Arun Gandhi delivered a message of peace on Monday, May 16, at Templeton Blackburn Memorial Auditorium.
Photographer: Vardine Grigoryan
Student leaders with the International Student Union hosted a dinner to welcome Arun Gandhi to Ohio University.
Photographer: Amanda Yusko
May 17, 2011
Arun Gandhi, grandson of Indian spiritual leader Mohandas Gandhi, came to Ohio University Monday bearing a message of nonviolence for the students, staff, faculty and community members in the audience. His lecture, titled "Lessons learned from my grandfather: Non-violence in a violent world," served as the keynote address for International Week 2011.
Gandhi began by comparing the culture of violence in our society to a cancer that he said is eating away at humanity.
Growing up in South Africa, Gandhi had been a victim of apartheid and was beaten by whites and blacks because of the color of his skin. He said he became obsessed with fighting back and, at the age of 12, was sent to live with his grandfather in India.
His first lesson dealt with channeling anger into positive actions.
"He told me, 'Anger is like electricity; it’s just as useful and just as powerful, but only if we use it intentionally,'" Gandhi said. "And just as we channel electrical energy and bring it into our lives and use it for the good of humanity, we must learn to channel anger in the same way so that we can use that energy for the good of humanity rather than abuse the energy and cause death and destruction."
Gandhi explained that nonviolence is often misunderstood to be the absence of physical force or a time of no war, but that there is much more to it that needs to be understood and practiced in daily life. He went on to share more life lessons his grandfather had taught him as well as stories from his adult life, evoking both laughter and reverence from the crowd.
"Many of the things that he taught me over the two years that I was with him, things that came out of everyday life, turned out to be very important lessons that transformed my life and transformed my way of thinking and relationships with people," Gandhi said.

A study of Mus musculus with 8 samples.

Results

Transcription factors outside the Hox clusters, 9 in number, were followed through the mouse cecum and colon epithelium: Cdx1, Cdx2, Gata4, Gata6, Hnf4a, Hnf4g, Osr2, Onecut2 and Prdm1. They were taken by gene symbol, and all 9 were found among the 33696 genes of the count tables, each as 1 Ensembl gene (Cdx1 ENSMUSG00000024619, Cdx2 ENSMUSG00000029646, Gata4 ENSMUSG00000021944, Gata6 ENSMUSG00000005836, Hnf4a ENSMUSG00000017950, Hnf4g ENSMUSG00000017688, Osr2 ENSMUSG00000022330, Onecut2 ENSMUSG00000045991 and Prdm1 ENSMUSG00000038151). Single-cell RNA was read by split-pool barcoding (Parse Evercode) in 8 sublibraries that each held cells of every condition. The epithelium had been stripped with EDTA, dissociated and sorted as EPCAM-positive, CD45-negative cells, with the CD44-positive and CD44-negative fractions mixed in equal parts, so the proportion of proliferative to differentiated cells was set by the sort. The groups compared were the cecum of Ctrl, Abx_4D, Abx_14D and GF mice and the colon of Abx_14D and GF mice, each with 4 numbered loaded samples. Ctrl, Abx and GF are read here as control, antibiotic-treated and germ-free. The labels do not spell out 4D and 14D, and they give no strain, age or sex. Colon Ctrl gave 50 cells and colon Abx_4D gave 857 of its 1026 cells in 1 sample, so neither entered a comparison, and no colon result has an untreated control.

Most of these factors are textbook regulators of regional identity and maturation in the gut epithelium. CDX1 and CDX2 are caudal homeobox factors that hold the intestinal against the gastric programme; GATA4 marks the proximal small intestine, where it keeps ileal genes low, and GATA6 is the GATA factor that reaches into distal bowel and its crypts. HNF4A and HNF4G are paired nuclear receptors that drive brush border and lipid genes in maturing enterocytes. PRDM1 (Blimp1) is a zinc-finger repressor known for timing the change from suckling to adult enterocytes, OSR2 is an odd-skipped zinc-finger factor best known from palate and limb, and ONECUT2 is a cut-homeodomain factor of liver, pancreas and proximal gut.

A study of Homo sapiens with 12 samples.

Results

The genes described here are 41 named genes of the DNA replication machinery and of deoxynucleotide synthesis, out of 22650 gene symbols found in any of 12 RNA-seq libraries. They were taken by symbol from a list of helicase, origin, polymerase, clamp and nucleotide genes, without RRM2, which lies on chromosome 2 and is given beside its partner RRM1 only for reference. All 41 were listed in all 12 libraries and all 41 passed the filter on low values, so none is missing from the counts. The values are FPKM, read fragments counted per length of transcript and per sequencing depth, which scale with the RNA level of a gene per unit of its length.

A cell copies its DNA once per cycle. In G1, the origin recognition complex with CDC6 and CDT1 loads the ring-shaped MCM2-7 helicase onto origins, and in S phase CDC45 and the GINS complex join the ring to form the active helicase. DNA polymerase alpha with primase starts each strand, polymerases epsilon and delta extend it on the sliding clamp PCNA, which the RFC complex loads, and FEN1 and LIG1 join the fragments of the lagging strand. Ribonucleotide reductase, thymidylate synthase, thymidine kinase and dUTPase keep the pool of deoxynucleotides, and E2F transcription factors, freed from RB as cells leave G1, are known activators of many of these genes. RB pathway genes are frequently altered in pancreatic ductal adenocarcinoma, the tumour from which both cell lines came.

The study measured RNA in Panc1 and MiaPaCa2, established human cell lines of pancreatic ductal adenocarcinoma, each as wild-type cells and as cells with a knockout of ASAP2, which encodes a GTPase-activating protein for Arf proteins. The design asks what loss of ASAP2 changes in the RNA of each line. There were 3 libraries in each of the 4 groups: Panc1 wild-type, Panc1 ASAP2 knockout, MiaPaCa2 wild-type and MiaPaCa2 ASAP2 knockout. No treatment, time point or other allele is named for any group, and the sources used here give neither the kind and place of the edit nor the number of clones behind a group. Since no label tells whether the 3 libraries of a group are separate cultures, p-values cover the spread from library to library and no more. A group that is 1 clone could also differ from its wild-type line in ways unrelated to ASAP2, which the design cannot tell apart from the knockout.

Jesse Makowski, a senior international studies major, said, as a Buddhist, he appreciated the opportunity to listen to a speaker discuss nonviolence. He had received a letter from Arun Gandhi when he was in middle school after taking part in a nonviolence campaign.
"Us Americans, you know, we don’t take time to actually think about stuff like nonviolence and ways we can improve the world and love each other," Makowski said. "I’m just really happy that he’s here."
Amanda Vogt, a senior journalism major, attended the event for her international mass media course and said, even though she did not know much about Gandhi prior to his speech, she enjoyed it.
“It was really interesting to me to hear the stories that he had with his grandfather and his father and just the kind of overly obvious, simple teachings that I think a lot of us take for granted and don’t realize,” Vogt said.
While introducing Arun Gandhi, University College Dean & Associate Provost for Undergraduate Studies David Descutner shared some facts about the legacy of international involvement at Ohio University:
• In 1895, the first international student came to OHIO.
• In the 1920s, the first international student organizations began.
• In 1952, students from 37 different countries attended OHIO.
• Today, 1,500 international students from 100 different countries are in attendance.
• OHIO's education abroad program involves 25 different countries and more than 1,000 different students.
For more on OHIO's international points of pride, click here.
Arun Gandhi's lecture was sponsored in part by the Ki-Chul Andrew Jung International Week Endowment Fund. The endowment honors the memory of Andrew Jung, an international student who died shortly after graduating from Ohio University. A memorial tree was also planted next to Alden Library in Jung's memory.
Other sponsors of the event include: the Student Activities Commission (SAC), International Student Union (ISU), International Student and Faculty Services (ISFS) and the Office of Education Abroad (OEA).